There are frequent discussions here about how to best utilize LingQs and flash cards and the other tools here. The consensus is, of course, that different approaches work for different people. I have tried a change to how I approach a new lesson and the new words in it that some might like to try if they haven’t already.
When I open a new lesson I immediately zip through all the blue words without looking too much at the context. If I know a word without the support of the context, I figure I know it pretty well and mark it as such. Otherwise It goes into the yellow pile.
When I reach the end, the LingQ system thinks I’ve read the lesson, though of course I haven’t. But before returning to the text of the lesson, I first run through a flash card session. This reinforces the new words that I just looked up as well as any of the older LingQs in the lesson that I’m still learning.
Then, after having reviewed the new vocabulary, I’m prepared to enjoy the context. And I listen to the audio as I read it through the first time. That forces me to keep up with the speed of the spoken word, without stopping to fixate on individual words, while grasping the overall content and context. I can pause it if I really need to, of course.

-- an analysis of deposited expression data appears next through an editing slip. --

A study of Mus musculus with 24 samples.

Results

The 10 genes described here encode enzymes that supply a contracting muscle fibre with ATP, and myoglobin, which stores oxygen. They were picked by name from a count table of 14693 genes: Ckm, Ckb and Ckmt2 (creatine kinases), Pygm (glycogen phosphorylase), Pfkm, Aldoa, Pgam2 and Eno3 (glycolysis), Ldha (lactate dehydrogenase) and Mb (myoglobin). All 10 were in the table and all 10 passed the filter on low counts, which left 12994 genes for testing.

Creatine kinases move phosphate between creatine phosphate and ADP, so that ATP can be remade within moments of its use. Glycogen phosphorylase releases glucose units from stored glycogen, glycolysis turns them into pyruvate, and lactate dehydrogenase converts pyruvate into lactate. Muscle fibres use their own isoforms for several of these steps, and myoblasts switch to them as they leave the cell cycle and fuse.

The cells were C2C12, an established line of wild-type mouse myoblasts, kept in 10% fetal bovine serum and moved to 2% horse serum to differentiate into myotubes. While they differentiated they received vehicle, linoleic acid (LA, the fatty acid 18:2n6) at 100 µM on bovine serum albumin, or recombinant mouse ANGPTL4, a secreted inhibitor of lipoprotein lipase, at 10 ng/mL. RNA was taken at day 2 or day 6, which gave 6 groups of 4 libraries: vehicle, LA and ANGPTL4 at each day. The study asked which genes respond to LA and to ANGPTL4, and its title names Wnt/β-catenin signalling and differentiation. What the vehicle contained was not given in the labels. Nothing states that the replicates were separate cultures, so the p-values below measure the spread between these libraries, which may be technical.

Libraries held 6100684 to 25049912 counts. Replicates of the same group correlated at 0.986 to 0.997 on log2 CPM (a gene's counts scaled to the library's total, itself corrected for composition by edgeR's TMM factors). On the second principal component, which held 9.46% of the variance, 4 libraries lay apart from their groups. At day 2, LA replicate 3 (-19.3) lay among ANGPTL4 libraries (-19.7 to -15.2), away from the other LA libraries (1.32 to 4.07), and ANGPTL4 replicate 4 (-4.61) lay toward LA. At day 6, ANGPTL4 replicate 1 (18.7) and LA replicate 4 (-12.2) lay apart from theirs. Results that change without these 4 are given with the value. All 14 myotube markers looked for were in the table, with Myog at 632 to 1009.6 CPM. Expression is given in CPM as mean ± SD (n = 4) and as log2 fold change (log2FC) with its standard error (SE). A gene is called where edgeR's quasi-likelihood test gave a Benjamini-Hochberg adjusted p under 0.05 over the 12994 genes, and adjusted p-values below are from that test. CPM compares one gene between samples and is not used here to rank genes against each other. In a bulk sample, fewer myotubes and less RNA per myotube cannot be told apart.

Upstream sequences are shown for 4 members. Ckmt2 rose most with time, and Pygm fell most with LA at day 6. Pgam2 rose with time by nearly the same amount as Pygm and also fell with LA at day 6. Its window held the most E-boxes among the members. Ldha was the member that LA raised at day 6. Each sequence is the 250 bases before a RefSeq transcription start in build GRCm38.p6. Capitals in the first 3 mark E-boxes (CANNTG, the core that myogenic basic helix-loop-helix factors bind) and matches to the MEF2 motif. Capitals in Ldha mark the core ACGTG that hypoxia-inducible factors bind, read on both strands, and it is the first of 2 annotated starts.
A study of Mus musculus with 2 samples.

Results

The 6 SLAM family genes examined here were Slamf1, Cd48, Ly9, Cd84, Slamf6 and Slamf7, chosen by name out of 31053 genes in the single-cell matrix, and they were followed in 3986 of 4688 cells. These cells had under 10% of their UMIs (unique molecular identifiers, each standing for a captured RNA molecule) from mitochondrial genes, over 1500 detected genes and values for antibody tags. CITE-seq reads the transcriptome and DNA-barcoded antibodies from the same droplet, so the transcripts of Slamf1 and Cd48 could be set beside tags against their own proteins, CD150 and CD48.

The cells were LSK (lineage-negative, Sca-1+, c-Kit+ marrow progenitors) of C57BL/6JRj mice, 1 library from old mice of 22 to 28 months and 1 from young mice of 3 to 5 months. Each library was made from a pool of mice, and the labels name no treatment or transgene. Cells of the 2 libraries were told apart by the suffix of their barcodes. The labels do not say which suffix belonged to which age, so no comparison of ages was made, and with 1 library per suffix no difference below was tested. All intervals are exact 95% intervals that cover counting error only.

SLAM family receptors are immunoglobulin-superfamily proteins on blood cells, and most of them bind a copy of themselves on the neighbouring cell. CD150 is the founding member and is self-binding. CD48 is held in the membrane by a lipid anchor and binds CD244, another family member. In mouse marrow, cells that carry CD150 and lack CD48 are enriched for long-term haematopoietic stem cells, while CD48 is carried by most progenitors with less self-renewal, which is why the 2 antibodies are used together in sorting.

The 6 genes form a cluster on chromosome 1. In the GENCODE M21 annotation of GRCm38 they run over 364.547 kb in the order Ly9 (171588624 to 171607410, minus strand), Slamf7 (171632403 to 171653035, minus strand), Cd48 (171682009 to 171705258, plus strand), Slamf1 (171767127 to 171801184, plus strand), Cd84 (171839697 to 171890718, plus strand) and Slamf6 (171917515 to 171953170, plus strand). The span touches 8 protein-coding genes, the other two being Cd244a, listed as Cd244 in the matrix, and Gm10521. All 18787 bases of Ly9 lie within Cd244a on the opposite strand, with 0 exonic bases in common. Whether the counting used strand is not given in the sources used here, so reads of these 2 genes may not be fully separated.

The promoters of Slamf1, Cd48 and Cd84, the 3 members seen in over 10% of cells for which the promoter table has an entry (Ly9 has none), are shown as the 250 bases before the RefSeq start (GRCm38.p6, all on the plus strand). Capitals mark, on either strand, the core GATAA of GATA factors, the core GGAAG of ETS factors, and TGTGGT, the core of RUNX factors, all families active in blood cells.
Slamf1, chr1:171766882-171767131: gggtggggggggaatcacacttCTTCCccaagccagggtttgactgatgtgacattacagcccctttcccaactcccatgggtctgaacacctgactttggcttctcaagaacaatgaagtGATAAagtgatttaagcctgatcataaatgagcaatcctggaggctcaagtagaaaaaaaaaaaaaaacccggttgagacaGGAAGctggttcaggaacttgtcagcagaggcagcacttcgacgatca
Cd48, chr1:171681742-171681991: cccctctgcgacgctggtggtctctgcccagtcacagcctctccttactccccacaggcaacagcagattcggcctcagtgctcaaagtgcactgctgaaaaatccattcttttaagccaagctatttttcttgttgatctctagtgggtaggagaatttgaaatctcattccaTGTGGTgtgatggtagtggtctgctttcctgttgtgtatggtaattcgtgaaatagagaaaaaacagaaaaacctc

I have found this to be a very enjoyable approach. Once I’m prepared to tackle the material I get through it in “real time”, making it much less tedious, and I often find the speaker’s vocal inflections help me parse challenging passages better than if I just try to slog through reading only. The vocabulary drill before beginning the text makes the text easier, and therefore more enjoyable. Reading and listening to the content reinforces the just-completed vocabulary drill, of course.
My approach had been to read through the lesson immediately, stopping to LingQ the blue words and looking up any unremembered yellow words so that I could understand the text. As convenient as that is compared to using a paper dictionary in the bad old days, that still slows things down and makes it more tedious than my new approach. And I frequently didn’t get around to listening to the lesson, which was a big gap. I think this method has potential for better vocabulary retention, too.
Maybe this is all old news. But I was surprised at how it improved my own experience.
I work mostly with Intermediate 1 & 2 material, by the way, and I usually know half or more of the blue words, either from previous study of the language or because they’re just inflected forms of already learned words.